About Damien

Damien McCusker, Manager of Arpi's residential service division, has been working in the HVAC industry for 16 years and has hands-on experience in new home installations, furnace and air conditioner replacements, sales and residential service. He spends most of his spare time being an UBER driver, driving his kids to soccer practice and games.

Ice Dams More Likely To Occur As Calgary's Winter Temperatures Fluctuate

Phil Laprairie

If you notice water leaks stemming from your attic, the source could be due to attic ventilation, attic moisture or ice dams. Ice dams in particular can cause significant damage, and with varying winter temperatures, ice dams become more and more likely to occur. Luckily, they also are easily avoidable. As a homeowner, you should know what signs to look for to gauge your home’s susceptibility to ice dams, and what you can do avoid them.

What are ice dams?

The combination of outdoor temperatures, snow and attic heat loss lead to the formation of costly ice dams. Here’s what happens:

  • Snow or ice accumulates on the roof.
  • The temperature of the high point of your roof climbs above freezing, while the lower portions of the roof remain at a lower temperature.
  • Snow and ice on the high point begins to melt due to the warmth, which then sends dripping water down the roof.
  • At the eaves, this water refreezes and forms an ice dam.
  • At this point, water moves back up the roof and can seep into the home’s attic, potentially causing further water damage throughout the home.

How can you protect your home?

A three-pronged approach to prevention will maintain attic temperatures to avoid heat loss, since you can’t control the other two factors, snow and outdoor temperatures:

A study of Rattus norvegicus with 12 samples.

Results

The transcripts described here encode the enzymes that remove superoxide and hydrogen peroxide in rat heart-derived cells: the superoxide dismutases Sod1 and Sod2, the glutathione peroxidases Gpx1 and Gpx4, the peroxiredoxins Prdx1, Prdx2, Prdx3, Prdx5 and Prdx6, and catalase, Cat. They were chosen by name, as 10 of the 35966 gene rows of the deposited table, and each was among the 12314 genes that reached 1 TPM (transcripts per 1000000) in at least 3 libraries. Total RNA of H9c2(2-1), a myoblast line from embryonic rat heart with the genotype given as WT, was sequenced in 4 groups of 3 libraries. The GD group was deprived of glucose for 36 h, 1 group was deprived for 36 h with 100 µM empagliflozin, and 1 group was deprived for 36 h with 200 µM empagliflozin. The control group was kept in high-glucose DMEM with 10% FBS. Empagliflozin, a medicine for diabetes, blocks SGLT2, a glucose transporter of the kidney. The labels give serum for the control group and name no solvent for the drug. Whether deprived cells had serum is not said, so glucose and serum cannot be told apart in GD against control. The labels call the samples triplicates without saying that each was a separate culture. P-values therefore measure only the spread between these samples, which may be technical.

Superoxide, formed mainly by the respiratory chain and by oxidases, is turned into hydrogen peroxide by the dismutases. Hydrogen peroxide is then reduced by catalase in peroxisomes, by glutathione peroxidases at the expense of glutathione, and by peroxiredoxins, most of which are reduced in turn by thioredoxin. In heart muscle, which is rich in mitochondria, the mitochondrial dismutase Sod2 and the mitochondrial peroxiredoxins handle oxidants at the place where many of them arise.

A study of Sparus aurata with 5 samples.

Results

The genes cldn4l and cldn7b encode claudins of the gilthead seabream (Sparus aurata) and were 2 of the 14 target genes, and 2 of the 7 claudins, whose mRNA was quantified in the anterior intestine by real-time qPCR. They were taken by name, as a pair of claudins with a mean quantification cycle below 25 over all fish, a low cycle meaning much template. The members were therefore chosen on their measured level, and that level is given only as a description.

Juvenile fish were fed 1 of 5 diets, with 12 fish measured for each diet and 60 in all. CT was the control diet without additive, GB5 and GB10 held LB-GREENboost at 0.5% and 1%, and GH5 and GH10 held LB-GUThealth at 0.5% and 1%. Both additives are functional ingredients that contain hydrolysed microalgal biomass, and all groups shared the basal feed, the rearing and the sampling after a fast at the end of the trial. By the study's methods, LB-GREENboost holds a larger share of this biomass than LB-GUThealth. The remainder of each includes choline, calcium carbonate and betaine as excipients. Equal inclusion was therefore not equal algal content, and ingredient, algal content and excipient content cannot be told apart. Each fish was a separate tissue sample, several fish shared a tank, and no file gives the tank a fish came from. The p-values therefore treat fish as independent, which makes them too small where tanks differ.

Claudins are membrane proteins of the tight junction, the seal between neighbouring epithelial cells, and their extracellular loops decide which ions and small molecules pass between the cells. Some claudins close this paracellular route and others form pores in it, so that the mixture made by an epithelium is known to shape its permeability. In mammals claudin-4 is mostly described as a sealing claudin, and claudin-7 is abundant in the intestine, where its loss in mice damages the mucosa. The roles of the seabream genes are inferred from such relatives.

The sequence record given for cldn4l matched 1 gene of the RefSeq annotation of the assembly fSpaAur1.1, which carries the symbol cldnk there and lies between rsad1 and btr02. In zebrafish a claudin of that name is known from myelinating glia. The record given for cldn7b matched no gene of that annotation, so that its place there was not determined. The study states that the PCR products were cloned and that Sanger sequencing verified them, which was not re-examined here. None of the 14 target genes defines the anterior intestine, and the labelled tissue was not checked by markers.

• Sealing air leaks – To prevent indoor air from infiltrating the attic and increasing the attic temperature, seal air leaks on the attic floor. Using caulk, seal around chimney, ductwork, plumbing and electrical protrusions, as well as where construction materials meet.
  • Adding insulation – Insulation throughout the attic is critical to preventing heat loss. Heat that can escape through the attic ceiling in particular will raise the roof’s surface temperature.
  • Improving ventilation – To further protect your attic and roof, ventilation can help circulate air and reduce moisture in the space. Be sure that insulation doesn’t block ventilation.

Get an advantage over ice dams, and make 2012 the year you put a stop to this potential problem. Arpi’s Industries has been serving Greater Calgary-area homeowners for almost 50 years, and ensuring healthy, durable attic spaces.

Our goal is to help educate our customers about energy and home comfort issues (specific to HVAC systems). For more information about ice dams and other HVAC topics, download our free Home Comfort Resource guide.

Arpi’s services Calgary, Alberta. Visit our website to see our special offers to get started today!


Nice information, Phil. Even when one has maxed out ventilation, minimized heat going into the attic, and the like. ice dams can still form. One good preventative measure to consider would be installing our Radiant Edge roof ice melt system along the eaves and valleys. It prevents ice from forming at the onset, and sure a lot safer than climbing on a roof to shovel snow. More information can be found at Summiticemelt.com Thanks!